By Casey Quackenbush
Updated: January 31, 2019 10:31 PM ET | Originally published: January 28, 2019

Activists are calling on Mariah Carey to cancel her upcoming performance in Saudi Arabia over the Kingdom’s alleged human rights abuses and jailing of women’s rights advocates.

Carey is scheduled to take the stage in her first concert in Saudi Arabia on January 31 in a lineup that also features DJ Tiesto and Sean Paul.

Some are heralding the event as another milestone in Crown Prince Mohammed bin Salman’s liberalization agenda, which has included loosening restrictions on the entertainment industry. Carey would be the highest profile, Western female singer to perform in the Kingdom, according to Bloomberg.

But others see the performance as further indication of a troubling paradox undergirding the prince’s reforms. Even as the self-styled modernizer invites famous westerners like Carey to headline shows, his government continues to detain women’s rights activists who had campaigned for the right to drive, and perpetuates a male guardianship system that treats women as legal dependents.

Women’s activist group CodePink called on Carey not to “artwash” Riyadh, and urged her and the other performers to cancel the show. “Doesn’t she know Saudi Arabia is one of the most repressive and murderous regimes on the planet?” the group said in a statement launching its petition to call off the concert.

On Twitter, several commentators also tried to draw Carey’s attention to the Kingdom’s treatment of women.

“Dear @MariahCarey, I hear you’re planning on performing in #Saudi Arabia,” wrote Egyptian-American journalist Mona Eltahawy. “Are you aware that women’s rights activists have been detained without charge since May 2018?”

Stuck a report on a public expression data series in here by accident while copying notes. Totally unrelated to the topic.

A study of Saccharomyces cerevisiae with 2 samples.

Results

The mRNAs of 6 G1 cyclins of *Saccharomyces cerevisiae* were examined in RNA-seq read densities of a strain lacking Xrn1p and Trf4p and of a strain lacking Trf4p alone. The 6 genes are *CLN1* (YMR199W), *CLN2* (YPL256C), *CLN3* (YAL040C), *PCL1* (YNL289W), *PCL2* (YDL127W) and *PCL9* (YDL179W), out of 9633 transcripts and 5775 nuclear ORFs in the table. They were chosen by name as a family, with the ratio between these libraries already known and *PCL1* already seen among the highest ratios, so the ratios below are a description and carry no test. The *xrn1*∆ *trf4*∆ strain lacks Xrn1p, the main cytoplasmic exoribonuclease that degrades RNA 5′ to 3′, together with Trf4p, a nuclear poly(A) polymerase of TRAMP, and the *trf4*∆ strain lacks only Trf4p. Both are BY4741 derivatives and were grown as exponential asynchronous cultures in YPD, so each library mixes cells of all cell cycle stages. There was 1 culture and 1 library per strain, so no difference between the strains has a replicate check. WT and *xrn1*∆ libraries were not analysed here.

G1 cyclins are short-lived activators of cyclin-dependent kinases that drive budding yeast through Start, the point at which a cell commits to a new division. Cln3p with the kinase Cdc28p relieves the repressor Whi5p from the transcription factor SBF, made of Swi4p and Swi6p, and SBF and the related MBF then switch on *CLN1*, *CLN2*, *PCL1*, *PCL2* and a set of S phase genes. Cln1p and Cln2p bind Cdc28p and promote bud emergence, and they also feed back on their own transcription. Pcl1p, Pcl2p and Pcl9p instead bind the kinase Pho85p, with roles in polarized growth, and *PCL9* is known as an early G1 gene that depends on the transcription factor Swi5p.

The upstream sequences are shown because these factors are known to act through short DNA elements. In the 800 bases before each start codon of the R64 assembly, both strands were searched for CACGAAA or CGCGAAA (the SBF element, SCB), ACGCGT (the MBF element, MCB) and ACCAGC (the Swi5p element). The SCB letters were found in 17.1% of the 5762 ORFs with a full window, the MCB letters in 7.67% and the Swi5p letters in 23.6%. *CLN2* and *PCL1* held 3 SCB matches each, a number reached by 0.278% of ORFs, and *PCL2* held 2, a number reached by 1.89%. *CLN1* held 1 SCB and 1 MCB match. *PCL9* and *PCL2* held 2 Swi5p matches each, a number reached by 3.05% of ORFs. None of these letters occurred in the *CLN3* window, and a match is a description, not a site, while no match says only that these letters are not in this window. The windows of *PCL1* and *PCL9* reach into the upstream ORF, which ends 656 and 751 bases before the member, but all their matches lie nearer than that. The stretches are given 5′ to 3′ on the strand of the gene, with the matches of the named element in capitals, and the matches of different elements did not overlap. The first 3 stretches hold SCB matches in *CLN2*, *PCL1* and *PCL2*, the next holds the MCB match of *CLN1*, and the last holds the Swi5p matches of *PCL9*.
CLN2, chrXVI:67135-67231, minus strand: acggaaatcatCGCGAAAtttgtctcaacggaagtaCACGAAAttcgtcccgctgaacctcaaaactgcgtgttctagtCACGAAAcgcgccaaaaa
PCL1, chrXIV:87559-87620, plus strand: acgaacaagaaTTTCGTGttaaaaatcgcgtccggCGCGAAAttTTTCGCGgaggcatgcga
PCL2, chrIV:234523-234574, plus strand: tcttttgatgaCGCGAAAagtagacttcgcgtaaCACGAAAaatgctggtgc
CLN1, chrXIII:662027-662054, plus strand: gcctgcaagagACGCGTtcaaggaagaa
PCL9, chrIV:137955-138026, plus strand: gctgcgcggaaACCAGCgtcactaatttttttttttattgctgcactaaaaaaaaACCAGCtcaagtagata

The scheduled performance comes in the wake of a Saudi teenager’s highly mediatized and ultimately successful quest for asylum earlier this month. Eighteen-year-old Rahaf Mohammed Alqunun’s plight cast a spotlight on the guardianship system, which Human Rights Watch has called the most “significant impediment to realizing women’s rights in the country.”

The event also follows international backlash over the regime’s killing of Washington Post columnist Jamal Khashoggi in Istanbul last October. His editor at the Post, Karen Attiah, also tweeted at Carey, DJ Tiesto and Paul.

Others called for Carey to skip the performance and join an artists’ boycott of the Kingdom.

Carey’s press team issued the following statement in response to the outcry:

“When presented with the offer to perform for an international and mixed gender audience in Saudi Arabia, Mariah accepted the opportunity as a positive step towards the dissolution of gender segregation. As a female songwriter with a message of empowerment & equality, she looks forward to bringing inspiration & encouragement to all audiences. As the first female international artist to perform in Saudi Arabia, Mariah recognizes the cultural significance of this event and will continue to support global efforts towards equality for all.”

Thursday’s concert proceeded as scheduled.

Write to Casey Quackenbush at casey.quackenbush@time.com.